Theresa May suggests government will consider taking action on teachers and pupils who abuse teachers via social media
Parents and pupils who bully teachers through social media could face a tougher approach from the law under plans hinted at by Theresa May today.
The Prime Minister suggested a scheme being rolled out to protect emergency workers from violence could be expanded to those who work in schools.
Ministers this week unveiled plans for a “zero tolerance” approach to violence against healthcare staff, including fast-tracked prosecutions and better systems for workers to record assaults.
Recent statistics from the Labour Force Survey showed secondary school staff were three times more likely to face violence at work than the average UK employee.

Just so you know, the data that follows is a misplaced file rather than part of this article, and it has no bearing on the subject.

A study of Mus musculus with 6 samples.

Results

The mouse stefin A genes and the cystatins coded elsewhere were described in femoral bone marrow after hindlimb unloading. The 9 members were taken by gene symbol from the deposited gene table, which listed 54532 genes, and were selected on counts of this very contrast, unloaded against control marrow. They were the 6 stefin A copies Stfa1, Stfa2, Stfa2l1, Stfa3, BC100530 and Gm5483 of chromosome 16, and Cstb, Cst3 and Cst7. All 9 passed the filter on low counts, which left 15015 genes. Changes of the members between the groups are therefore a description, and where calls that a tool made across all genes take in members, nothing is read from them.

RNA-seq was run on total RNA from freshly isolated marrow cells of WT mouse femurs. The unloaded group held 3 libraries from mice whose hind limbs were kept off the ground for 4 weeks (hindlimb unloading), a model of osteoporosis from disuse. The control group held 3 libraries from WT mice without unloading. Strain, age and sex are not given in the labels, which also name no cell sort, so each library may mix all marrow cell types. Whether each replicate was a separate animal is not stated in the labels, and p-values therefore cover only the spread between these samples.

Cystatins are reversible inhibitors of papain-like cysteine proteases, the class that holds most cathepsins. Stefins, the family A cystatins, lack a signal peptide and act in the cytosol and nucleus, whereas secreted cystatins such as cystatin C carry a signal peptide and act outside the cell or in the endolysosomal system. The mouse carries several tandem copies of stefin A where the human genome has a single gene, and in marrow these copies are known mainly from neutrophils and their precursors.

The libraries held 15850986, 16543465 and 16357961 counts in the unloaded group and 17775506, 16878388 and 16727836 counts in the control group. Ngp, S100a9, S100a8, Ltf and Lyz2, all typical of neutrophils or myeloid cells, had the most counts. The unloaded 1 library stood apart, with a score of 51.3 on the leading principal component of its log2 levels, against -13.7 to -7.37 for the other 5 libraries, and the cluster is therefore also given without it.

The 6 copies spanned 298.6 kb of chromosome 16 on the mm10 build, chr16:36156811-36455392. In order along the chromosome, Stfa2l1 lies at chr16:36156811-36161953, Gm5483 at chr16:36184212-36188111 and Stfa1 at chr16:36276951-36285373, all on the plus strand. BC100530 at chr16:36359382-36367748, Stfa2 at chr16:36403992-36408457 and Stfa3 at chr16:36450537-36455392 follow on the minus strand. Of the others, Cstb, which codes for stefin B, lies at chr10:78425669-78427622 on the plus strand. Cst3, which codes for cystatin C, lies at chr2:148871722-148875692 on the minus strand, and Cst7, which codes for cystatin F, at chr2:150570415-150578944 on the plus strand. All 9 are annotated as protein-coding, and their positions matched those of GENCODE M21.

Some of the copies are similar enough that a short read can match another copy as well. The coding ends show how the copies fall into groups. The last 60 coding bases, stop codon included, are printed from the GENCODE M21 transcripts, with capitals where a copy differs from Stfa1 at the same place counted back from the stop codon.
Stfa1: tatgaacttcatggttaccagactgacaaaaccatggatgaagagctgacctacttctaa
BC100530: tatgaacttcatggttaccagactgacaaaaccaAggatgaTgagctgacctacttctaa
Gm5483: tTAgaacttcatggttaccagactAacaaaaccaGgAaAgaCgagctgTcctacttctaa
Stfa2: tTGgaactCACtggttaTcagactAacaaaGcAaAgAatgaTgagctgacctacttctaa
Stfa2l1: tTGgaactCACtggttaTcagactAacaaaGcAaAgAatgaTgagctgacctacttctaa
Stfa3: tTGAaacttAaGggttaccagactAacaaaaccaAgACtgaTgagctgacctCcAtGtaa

Meanwhile, one in three teachers are said to have faced abusive behaviour from parents and children on social media.
She said: “As the Government launches its NHS violence reduction strategy today, would my Right Honorable Friend consider what else we can do to protect our teachers in the valuable work they do?”
Mrs May responded: “I am certainly happy to look at the issue she refers to… what I assume is physical violence or attacks that teachers have been under. I myself have also seen cases where teachers have come under considerable harassment and bullying on social media as well, and so I think this is an issue that we do need to look at.”
Over the six years to 2015-16, there was an average of 8,000 attacks on school staff per year, the BBC revealed when it obtained a copy of the Labour Force Survey in March.
A separate survey by the Nasuwt union found police took no action in almost half of the online abuse cases they were alerted to.
The Government published advice at the start of the year about how schools can support teachers who face bullying on the web.